Picnics, the late provocateur Christopher Hitchens wrote, are among the four most overrated things in life.
To see a slideshow of the High Line click here.
The folks behind the ambitious concessions at Manhattan’s High Line park would disagree. A cold glass of 1990 German riesling on a hot summer afternoon settles the argument.
Picnics on the High Line tend to be upscale affairs, though without the upscale cost. Table service, American Express and lobster are frequently involved.
It’s a fine setting for casual dining. Much of it takes place on either side of the Chelsea Market Passage, a shady little patch of the park between 15th and 16th streets. It’s bordered by gardens, some strange art (including a giant billboard with super-size fingers wriggling at you), along with tables, chairs and benches.
What follows is a tip sheet on the highlights of a few recent visits.
Terroir: Marco Canora and Paul Grieco run four of these wine bars around Manhattan. A full-service pop-up with a bird’s nest view of Colicchio & Sons, this is the only one quiet enough to enjoy the fare.
Take a seat and order one of 20 rieslings ($8.25-$16.50). You’re not going to drink a big red in this heat are you? The vino is served in semi-classy thin-lipped plastic stems, a caution against theft and wind.
You’ll eat well. Fried lamb sausages with sage leaves are intensely heady and salty. There’s also a $24 lobster roll with insufficient lobster.
Veal meatballs ($12) are too heavy for the season. Stick with the farro, the firm grains zinged with vinegar and mint. Look out over the Hudson and luxuriate in that gentle breeze.
Blue Bottle: Coffee snobbery is out of control these days. When I ordered a cup of Intelligentsia’s joe at the Frieze Art Fair, the staffers denied me sugar. I had to fight the urge to violence.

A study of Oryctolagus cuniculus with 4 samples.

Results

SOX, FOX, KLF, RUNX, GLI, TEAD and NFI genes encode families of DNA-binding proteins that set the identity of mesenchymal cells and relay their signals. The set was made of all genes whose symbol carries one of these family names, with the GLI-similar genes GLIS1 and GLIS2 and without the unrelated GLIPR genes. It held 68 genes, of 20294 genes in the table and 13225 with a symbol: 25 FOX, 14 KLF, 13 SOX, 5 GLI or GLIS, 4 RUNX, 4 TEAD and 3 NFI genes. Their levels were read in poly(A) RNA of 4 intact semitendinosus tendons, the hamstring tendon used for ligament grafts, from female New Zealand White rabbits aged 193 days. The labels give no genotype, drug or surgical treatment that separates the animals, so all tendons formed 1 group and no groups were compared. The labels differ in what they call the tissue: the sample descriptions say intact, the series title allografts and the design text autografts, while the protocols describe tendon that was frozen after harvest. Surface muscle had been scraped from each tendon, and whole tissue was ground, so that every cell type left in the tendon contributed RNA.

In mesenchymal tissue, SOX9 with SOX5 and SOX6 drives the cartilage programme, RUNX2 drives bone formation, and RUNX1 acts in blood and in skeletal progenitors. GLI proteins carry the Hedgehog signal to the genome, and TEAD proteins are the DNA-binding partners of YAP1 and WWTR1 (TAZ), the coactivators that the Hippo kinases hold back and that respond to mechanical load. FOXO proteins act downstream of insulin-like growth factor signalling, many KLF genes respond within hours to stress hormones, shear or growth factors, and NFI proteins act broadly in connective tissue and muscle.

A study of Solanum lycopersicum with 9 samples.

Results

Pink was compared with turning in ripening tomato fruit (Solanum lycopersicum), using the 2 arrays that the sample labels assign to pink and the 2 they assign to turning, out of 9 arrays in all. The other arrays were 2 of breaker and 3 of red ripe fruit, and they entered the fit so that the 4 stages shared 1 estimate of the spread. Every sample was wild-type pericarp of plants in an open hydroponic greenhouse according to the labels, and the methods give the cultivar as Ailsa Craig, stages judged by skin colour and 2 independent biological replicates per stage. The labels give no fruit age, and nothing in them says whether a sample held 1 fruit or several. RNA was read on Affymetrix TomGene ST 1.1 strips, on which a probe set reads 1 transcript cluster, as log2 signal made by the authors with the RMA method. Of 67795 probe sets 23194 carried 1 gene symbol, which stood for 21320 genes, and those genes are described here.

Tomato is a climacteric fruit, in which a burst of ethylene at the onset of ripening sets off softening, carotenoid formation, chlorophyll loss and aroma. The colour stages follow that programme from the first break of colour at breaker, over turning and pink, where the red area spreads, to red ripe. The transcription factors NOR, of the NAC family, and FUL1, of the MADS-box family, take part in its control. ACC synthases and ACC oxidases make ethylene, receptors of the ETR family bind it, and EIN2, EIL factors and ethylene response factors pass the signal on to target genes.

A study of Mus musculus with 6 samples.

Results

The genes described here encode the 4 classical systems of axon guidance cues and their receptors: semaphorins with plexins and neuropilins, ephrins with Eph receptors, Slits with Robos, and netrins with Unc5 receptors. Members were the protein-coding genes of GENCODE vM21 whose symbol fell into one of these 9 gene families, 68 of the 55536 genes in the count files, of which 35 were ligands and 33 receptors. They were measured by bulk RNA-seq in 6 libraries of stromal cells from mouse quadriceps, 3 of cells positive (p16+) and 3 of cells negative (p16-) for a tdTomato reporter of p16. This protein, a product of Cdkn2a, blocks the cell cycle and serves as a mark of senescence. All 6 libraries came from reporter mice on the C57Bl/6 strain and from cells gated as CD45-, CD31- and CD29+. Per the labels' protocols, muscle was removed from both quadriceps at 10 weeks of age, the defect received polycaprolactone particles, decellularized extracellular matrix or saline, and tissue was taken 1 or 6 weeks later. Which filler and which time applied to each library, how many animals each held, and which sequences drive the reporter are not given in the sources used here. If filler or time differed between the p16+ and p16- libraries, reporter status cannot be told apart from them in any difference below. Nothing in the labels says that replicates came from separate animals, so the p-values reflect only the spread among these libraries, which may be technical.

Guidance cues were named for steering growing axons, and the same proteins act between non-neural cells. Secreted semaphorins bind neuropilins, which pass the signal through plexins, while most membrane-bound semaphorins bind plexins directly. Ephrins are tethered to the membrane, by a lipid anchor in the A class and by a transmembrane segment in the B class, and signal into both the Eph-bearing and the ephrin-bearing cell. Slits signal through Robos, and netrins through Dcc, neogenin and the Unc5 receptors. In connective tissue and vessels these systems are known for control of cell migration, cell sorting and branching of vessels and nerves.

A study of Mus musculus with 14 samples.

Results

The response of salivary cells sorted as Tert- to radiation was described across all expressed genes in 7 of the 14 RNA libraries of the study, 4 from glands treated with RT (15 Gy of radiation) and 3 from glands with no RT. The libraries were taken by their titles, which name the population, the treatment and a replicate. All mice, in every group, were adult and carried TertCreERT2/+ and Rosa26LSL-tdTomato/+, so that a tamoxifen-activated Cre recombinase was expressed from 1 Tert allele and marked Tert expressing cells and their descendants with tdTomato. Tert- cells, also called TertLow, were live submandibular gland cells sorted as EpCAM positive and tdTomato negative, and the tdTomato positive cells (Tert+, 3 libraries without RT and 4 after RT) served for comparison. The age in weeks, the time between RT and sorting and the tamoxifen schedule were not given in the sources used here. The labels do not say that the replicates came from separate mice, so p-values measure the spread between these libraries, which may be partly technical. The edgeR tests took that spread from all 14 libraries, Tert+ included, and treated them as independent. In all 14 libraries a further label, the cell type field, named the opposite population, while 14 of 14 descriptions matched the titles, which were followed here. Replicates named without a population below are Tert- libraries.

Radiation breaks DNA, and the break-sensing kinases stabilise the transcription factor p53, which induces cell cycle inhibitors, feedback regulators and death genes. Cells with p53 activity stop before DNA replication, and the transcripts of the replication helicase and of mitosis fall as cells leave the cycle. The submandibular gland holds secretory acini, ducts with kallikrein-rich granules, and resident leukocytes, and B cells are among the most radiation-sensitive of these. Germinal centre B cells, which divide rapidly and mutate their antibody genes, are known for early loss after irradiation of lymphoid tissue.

The Blue Bottle people are nicer to javaphiles with a sweet tooth. The Oakland-based roaster is famous for individually drip-brewing each cup ($2.90-$5.50), which is another way of saying you will wait a bit -- not a problem for mud this good. The right call is New Orleans iced-coffee ($4), served with a splash of milk.
Can I get some sugar with this? “Sure, there’s some simple syrup right here,” the barista says.
The Standard Plaza: Seamus Mullen is the “chef in residence” at this seasonal outdoor restaurant, located beneath the High Line in The Standard hotel’s north plaza. While Mullen doesn’t give us the same pristine precision as he does at Tertulia, which I named New York’s best new restaurant of 2011, he comes close enough with this little gem of a pop-up.
Unhappy with the austere simplicity of cheap tomato bread, Mullen throws a little Iberico jamon on top and charges $17. The result is outstanding -- the ham’s nuttiness comes across as the tomato’s acid cuts through the fat. Skip the ho-hum smoked burrata with watermelon.
Try the lamb “ham steak,” a superbly musky cut that ranges from fatty to tough to tender ($21). It rocks. Chip in $20 for a pitcher’s worth of gin, sherry, lime, ginger beer, cucumber and rosemary -- a Spanish riff on Pimm’s Cup. It’s cheap, watery and plenty for three to raise a buzz.
Taco Truck: There are plenty of great taco trucks in Manhattan. This isn’t one of them.
L’Arte del Gelato. Fans of this West Village denizen exult over the imported fruits, nuts, beans and chocolate used in their luscious cups ($5 and $6). I couldn’t disagree; the tastes -- hazelnut, Valhrona chocolate, coffee, peach -- are unmistakably the real thing. And the servers are willing to mix flavors for you. Even on a single.
Bark: Also skippable, despite the dog pedigree. At a Yankees game, you wait in line, pay, and get your Hebrew National frank. It’s a simple economic transaction. That’s not the case at the cruelly-named Bark, where you queue up, order, and then get a flashing beeper instead of your food.
We waited 10 minutes before the pager went off. Then we waited in line again to claim our frankfurter ($4) and bratwurst ($7). For all that, the sausages tasted like any other.
Northern Spy: This Alphabet City restaurant, which specializes in locavore cuisine (the name comes from a prized New York State apple), grills local cheddar on your choice of bakery breads ($7). Try the deep-ridged, barely-buttery sandwich with a vibrant kale salad ($9) tricked out with carrots, almonds, cheddar and pecorino cheeses.
Add a pork sticky roll -- Northern Spy’s version of that Chinatown bakery favorite, char siu bao. In this case, it’s topped with super sweet parsnip cream.
(Ryan Sutton writes about New York City restaurants for Muse, the arts and leisure section of Bloomberg News. The opinions expressed are his own.)